MTU holds first ‘Instruments of Change’ concert
HOUGHTON — Michigan Technological University hosted its inaugural Instruments of Change Community Concert at the Rozsa Center on Friday.
Faculty, staff and students wanted to recognize the support community partners and donors have given to Michigan Tech, said President Richard Koubek.
“I know the community may be influenced by Michigan Tech,” he said before the event. “But Michigan Tech is defined by the community, both geographically and also the character of the community that makes Michigan Tech what it is — a premier research institution.”
Testimonials from Tech students and faculty were interspersed with musical performances from the Jazz Lab Band, Michigan Tech Chamber Singers, the Superior Wind Symphony and the MTU Concert Choir.
Tech highlighted its partnership with the Portage Health Foundation, which has helped fund 100 students at Tech through merit- and need-based scholarships, paid academic research internships with faculty, athletic training internships and graduate fellowships.
When Tech first talked about the partnership with PHF, its executive director, Kevin Store, told them the foundation “wasn’t interested in funding yoga at the park, they wanted to build the park,” said Jodi Lehman, director of foundation relations at Tech.
“That’s a pretty bold statement, because it means they’re not looking for the quick, easy win, but are looking to make a systematic change,” she said.
Portage Health Foundation’s investment support was also indispensable in Tech’s $30 million capital outlay request to Michigan for its upcoming Health Science and Engineering building, Lehman said.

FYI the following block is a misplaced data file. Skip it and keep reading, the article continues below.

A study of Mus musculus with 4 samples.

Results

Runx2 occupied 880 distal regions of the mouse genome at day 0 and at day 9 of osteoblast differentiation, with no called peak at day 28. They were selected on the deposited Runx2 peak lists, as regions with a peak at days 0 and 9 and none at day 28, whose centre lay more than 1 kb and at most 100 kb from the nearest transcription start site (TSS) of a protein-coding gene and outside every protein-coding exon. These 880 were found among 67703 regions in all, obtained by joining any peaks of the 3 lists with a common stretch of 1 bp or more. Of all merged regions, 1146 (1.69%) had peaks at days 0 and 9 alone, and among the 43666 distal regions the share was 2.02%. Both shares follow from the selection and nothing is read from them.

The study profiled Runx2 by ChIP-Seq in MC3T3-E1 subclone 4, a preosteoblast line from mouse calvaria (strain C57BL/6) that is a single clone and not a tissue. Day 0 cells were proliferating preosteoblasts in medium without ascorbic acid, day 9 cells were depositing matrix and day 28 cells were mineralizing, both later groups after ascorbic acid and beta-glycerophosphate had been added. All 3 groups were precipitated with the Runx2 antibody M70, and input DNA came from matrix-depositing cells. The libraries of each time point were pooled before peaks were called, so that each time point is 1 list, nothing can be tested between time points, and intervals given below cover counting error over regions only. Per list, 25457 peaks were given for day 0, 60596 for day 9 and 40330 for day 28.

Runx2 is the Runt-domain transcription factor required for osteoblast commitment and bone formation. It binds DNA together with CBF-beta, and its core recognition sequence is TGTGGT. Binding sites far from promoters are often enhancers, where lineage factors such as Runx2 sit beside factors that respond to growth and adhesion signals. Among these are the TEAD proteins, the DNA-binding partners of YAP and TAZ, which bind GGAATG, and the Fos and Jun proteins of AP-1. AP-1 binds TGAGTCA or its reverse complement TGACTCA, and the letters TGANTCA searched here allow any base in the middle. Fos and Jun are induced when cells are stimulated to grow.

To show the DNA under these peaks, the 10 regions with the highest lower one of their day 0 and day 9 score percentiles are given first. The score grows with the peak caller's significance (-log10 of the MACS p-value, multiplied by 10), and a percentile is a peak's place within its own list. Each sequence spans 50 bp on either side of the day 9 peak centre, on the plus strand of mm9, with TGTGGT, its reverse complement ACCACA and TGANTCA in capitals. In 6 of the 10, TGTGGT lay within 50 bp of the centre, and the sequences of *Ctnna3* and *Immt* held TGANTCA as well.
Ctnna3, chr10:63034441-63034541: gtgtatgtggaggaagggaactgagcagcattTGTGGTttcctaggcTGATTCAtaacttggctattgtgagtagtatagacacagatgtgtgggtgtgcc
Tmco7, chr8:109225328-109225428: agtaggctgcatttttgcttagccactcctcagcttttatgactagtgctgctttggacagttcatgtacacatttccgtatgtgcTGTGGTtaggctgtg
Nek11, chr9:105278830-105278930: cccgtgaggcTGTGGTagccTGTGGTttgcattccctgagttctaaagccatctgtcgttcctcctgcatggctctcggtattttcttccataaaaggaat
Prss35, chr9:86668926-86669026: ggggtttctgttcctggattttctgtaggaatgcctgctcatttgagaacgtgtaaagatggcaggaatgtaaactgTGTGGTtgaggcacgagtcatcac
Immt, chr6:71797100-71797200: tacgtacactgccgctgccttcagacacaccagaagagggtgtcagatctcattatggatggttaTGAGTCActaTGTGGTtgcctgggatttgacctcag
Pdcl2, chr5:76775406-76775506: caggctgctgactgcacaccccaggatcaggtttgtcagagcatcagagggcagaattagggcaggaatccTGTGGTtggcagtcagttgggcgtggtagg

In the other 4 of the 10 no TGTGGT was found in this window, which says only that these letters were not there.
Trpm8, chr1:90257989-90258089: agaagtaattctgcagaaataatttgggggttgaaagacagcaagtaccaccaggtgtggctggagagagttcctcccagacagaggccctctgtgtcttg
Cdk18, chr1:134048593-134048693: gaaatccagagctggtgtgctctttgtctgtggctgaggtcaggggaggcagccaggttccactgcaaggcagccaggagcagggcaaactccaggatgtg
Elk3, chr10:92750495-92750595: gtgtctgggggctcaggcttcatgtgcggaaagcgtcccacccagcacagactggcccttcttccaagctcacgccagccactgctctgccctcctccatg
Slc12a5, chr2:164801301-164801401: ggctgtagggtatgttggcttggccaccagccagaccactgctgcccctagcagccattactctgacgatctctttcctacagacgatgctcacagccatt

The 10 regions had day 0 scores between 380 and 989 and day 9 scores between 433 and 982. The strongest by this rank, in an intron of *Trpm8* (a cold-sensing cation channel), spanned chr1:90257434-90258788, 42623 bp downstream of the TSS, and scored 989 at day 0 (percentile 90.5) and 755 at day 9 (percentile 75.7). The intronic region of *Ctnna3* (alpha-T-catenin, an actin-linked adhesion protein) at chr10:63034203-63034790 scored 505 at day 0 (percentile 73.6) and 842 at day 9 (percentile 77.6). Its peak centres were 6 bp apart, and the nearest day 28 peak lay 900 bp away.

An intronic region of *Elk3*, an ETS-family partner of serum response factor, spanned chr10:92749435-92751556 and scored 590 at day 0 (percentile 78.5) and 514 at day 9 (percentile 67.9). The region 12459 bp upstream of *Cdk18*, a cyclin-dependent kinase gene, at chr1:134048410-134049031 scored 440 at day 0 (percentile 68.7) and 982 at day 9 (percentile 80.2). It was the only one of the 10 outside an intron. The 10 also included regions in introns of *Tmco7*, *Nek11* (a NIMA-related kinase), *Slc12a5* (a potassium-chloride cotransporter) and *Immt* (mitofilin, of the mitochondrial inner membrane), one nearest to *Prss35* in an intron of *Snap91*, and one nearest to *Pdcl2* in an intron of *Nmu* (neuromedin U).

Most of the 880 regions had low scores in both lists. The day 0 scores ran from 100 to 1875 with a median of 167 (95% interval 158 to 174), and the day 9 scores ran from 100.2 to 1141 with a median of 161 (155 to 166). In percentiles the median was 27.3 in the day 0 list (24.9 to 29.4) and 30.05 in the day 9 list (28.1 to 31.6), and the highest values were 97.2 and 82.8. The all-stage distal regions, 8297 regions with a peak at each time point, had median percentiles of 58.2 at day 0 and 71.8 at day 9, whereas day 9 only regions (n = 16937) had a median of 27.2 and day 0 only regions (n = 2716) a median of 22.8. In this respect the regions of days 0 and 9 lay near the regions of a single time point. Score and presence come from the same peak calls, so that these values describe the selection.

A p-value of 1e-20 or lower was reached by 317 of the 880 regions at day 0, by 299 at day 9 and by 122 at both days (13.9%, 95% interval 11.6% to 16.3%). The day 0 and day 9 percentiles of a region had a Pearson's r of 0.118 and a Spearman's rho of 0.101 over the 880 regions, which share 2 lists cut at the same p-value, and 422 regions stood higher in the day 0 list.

Students who received scholarships from PHF said the work they had been able to do had a great impact on them. Hannah Heikkinen volunteered with Music and Memory, a program that exposes people diagnosed with Alzheimer’s disease or dementia to music from their lives.
For the patient Heikkinen met with, music was tied up in memories of her late husband. They had both liked listening to rock music together. So Heikkinen got to rock out to their favorites, such as AC/DC and the Rolling Stones.
“This is honestly one of the most amazing experiences and inspiring individuals I’ve ever met,” Heikkinen said. “She has truly changed my life.”
Clara Peterson pulled double duty Friday night as president of the Blue Key Honor Society and singer in the concert choir. Blue Key’s primary responsibility is organizing the annual Winter Carnival in February. That event wouldn’t be possible without sponsorship and donations from the community, which average about $40,000 a year, Peterson said.
“We’re just here to say thank you and share what we do a little bit inside about Blue Key, the importance of service in the surrounding community and thanking them for making Winter Carnival possible,” she said before the event.
The Blue Key also gets involved in other community events. They partner with the Copper Country Humane Society, helping to organize Saturday’s EchoTrek fundraiser. Blue Key is also involved in Make a Difference Day and is partnering with Communities That Care, which holds events for suicide prevention and for de-stressing on campus.
Michigan Tech’s athletics also spoke, with statements from basketball coach Kevin Luke, tennis player Samantha Johnson and football player Travis Tidwell.
Luke said the community support for university programs is critical to its success. Friday’s event at the Rozsa was a good way to show appreciation, he said.
“It’s a great event to get the community in on campus, to see the campus, see the structure,” he said before the event. “They’ve been here before, but it’s really important to see it with people that are active in here and the reason why this building was built.”